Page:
Drug and Alcohol Abuse Policy
It is the policy of our school to maintain a drug-free campus in accordance with the Drug-Free Schools and Communities Act Amendments of 1989 (Public Law 101-226).
If needed, the following rehabilitation programs are available to our students:
1. Biblical counseling by our deans of students, professors, or other qualified personnel;
2. Information and assistance from the College Nurse;
3. Qualified counselors in the area including the following:
A. Mr. Kevin Thomas, Ankeny, IA
B. Pastors of local churches in the Des Moines area;
C. All the major hospitals in Des Moines which have drug and alcohol treatment facilities.
Federal Penalties and Sanctions for Illegal Possession of a Controlled Substance 21 U.S.C. 844(a):
1. First conviction: Up to one year imprisonment and fined at least $1,000, but not more than $100,000, or both.
2. After one prior drug conviction: At least 15 days in prison, not to exceed two years, and fined at least $2,500, but not more than $250,000, or both.
3. After two or more prior drug convictions: At least 90 days in prison, not to exceed three years and fined at least $5,000, but not more than $250,000, or both.
4. Special sentencing provisions for possession of crack cocaine: Mandatory, at least five years in prison, not to exceed 20 years, and fined up to $250,000, or both, if:
A. First conviction and the amount of crack possessed exceeds five grams;
B. Second crack conviction and the amount of crack possessed exceeds three grams;
C. Third or subsequent crack conviction and the amount of crack possessed exceeds one gram.
21 U.S.C. 853(a)(2) and 881(a)(7):
Forfeiture of personal and real property used to possess or to facilitate possession of a controlled substance if that offense is punishable by more than one year imprisonment.
21 U.S.C. 881(a)(4):
Forfeiture of vehicles, boats, aircraft, or any other conveyance used to transport or conceal a controlled substance.
21 U.S.C. 884(a):
Civil fine of up to $10,000 (pending adoption of final regulations).
21 U.S.C. 835(a):
Denial of federal benefits, such as student loans, grants, contracts, and professional and commercial licenses, up to one year for first offense, up to five years for second and subsequent offenses.
21 U.S.C. 922(g):
Ineligible to receive or purchase a firearm.
Revocation of certain federal licenses and benefits, (e.g. pilot licenses, public housing tenancy, etc.), are vested in the authorities of individual federal agencies.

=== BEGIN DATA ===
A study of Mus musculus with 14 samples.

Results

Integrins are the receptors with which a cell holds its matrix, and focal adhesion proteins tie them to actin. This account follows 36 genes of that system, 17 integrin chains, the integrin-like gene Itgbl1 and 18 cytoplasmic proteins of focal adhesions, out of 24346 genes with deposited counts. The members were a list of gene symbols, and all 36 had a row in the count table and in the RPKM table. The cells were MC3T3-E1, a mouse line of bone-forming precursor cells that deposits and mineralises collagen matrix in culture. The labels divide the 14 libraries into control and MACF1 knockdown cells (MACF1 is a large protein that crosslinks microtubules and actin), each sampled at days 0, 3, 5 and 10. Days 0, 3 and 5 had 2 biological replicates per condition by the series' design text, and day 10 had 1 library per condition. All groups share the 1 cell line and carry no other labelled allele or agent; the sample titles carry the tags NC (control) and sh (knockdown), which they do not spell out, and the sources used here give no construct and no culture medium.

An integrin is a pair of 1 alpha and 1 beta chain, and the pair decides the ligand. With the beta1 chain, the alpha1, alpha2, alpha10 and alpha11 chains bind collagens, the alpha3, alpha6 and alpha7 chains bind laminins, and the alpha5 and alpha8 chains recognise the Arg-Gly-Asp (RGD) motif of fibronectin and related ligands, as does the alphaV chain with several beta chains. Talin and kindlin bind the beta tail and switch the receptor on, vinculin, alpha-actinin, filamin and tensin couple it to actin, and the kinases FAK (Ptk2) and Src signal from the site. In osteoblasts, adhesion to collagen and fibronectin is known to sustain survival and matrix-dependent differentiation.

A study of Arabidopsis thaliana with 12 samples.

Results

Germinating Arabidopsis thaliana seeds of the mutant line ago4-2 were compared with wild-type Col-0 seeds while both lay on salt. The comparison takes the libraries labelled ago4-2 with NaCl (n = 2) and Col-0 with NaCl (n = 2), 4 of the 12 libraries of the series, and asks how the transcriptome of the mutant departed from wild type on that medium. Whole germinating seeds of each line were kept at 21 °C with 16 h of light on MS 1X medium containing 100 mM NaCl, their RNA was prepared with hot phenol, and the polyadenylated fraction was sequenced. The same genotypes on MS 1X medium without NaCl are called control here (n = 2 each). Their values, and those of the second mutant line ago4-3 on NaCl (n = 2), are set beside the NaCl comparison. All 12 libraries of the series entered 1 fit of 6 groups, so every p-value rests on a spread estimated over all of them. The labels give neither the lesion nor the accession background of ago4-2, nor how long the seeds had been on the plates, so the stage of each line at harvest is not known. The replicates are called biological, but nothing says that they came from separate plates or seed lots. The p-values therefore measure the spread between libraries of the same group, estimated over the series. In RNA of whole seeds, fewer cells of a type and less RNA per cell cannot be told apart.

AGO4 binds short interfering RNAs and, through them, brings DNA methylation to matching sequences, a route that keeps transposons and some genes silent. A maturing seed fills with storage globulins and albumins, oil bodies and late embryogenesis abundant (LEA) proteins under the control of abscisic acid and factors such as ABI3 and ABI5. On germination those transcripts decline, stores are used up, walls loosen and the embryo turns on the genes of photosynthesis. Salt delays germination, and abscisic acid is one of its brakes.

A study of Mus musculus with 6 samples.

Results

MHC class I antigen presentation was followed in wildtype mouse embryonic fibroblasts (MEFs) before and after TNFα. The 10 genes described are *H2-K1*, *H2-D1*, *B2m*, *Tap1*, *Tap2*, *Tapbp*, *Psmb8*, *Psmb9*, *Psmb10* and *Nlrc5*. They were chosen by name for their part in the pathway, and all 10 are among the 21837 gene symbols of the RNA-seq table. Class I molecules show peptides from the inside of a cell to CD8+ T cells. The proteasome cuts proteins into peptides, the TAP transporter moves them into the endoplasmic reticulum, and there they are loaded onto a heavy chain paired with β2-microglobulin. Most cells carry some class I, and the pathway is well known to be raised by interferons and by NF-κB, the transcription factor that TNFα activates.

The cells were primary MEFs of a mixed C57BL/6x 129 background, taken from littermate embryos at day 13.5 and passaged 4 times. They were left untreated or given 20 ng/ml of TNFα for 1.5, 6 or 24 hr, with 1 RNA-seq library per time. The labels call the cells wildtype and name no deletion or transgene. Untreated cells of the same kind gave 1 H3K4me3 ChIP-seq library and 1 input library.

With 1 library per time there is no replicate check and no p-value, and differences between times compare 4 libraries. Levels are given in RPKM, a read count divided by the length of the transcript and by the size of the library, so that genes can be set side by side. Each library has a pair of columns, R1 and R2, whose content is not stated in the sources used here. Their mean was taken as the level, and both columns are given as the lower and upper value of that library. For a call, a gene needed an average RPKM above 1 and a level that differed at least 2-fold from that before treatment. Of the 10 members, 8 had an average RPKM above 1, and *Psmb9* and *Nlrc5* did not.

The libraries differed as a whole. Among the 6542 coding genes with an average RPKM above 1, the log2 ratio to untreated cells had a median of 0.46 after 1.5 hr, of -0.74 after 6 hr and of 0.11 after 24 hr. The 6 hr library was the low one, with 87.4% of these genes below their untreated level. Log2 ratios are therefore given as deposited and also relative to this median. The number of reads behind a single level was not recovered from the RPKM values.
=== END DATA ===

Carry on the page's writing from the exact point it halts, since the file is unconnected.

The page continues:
State Penalties and Sanctions for Possession, Manufacture, or Delivery of a Controlled Substance
1. Possession of a controlled substance
It is unlawful for any person to knowingly or intentionally possess a controlled substance unless such substance was obtained pursuant to a valid prescription. Any person who violates this subsection is guilty of a serious misdemeanor punishable by up to one year in prison and a fine up to $1,000,000.
2. Manufacture or delivery of a controlled substance
It is unlawful for any person to manufacture, deliver, or possess with intent to manufacture or deliver a controlled substance. Any person who violates this section with respect to the following is guilty of a Class C or D felony:
A. A narcotic drug (morphine, opium, heroin, percodan, or cocaine): up to ten years in prison and a fine of up to $10,000;
B. A hallucinogen (LSD, marijuana), a stimulant, (amphetamines), a depressant (quaaludes, barbiturates): up to five years in prison and a fine of up to $7,500;
C. A controlled substance not already listed (Diazepart, Barbital, etc.): up to one year in prison and a fine up to $1,000.
3. Gathering where controlled substances are unlawfully used
It is unlawful for any person to sponsor, promote, aid, or assist in the sponsoring or promoting of a meeting, gathering, or assemblage with the knowledge or intent that a controlled substance will be distributed, used, or possessed there.
4. Common controlled substances
Controlled substances include cocaine, crack, marijuana, amphetamines, barbiturates, quaaludes, opium, hallucinogens, and codeine.
Health Risks of Alcohol Abuse
Alcohol consumption causes a number of marked changes in behavior. Even low doses significantly impair the judgment coordination required to drive a car safely, increasing the likelihood that the driver will be involved in an accident. Low to moderate doses of alcohol also increase the incidence of a variety of aggressive acts, including spousal and child abuse. Moderate to high doses of alcohol cause marked impairments in higher mental functions, severely altering a person's ability to learn and remember information. Very high doses cause respiratory depression and death. If combined with other depressants of the central nervous system, much lower doses of alcohol will produce the effects just described.
Repeated use of alcohol can lead to dependence. Sudden cessation of alcohol intake is likely to produce withdrawal symptoms including severe anxiety, tremors, hallucinations, and convulsions. Alcohol withdrawal can be life-threatening. Long-term consumption of large quantities of alcohol, particularly when combined with poor nutrition, can also lead to permanent damage to vital organs such as the brain and the liver.
Mothers who drink alcohol during pregnancy may give birth to infants with fetal alcohol syndrome. These infants have irreversible physical abnormalities and mental retardation. In addition, research indicates that children of alcoholic parents are, more than other youngsters, at greater risk of becoming alcoholics.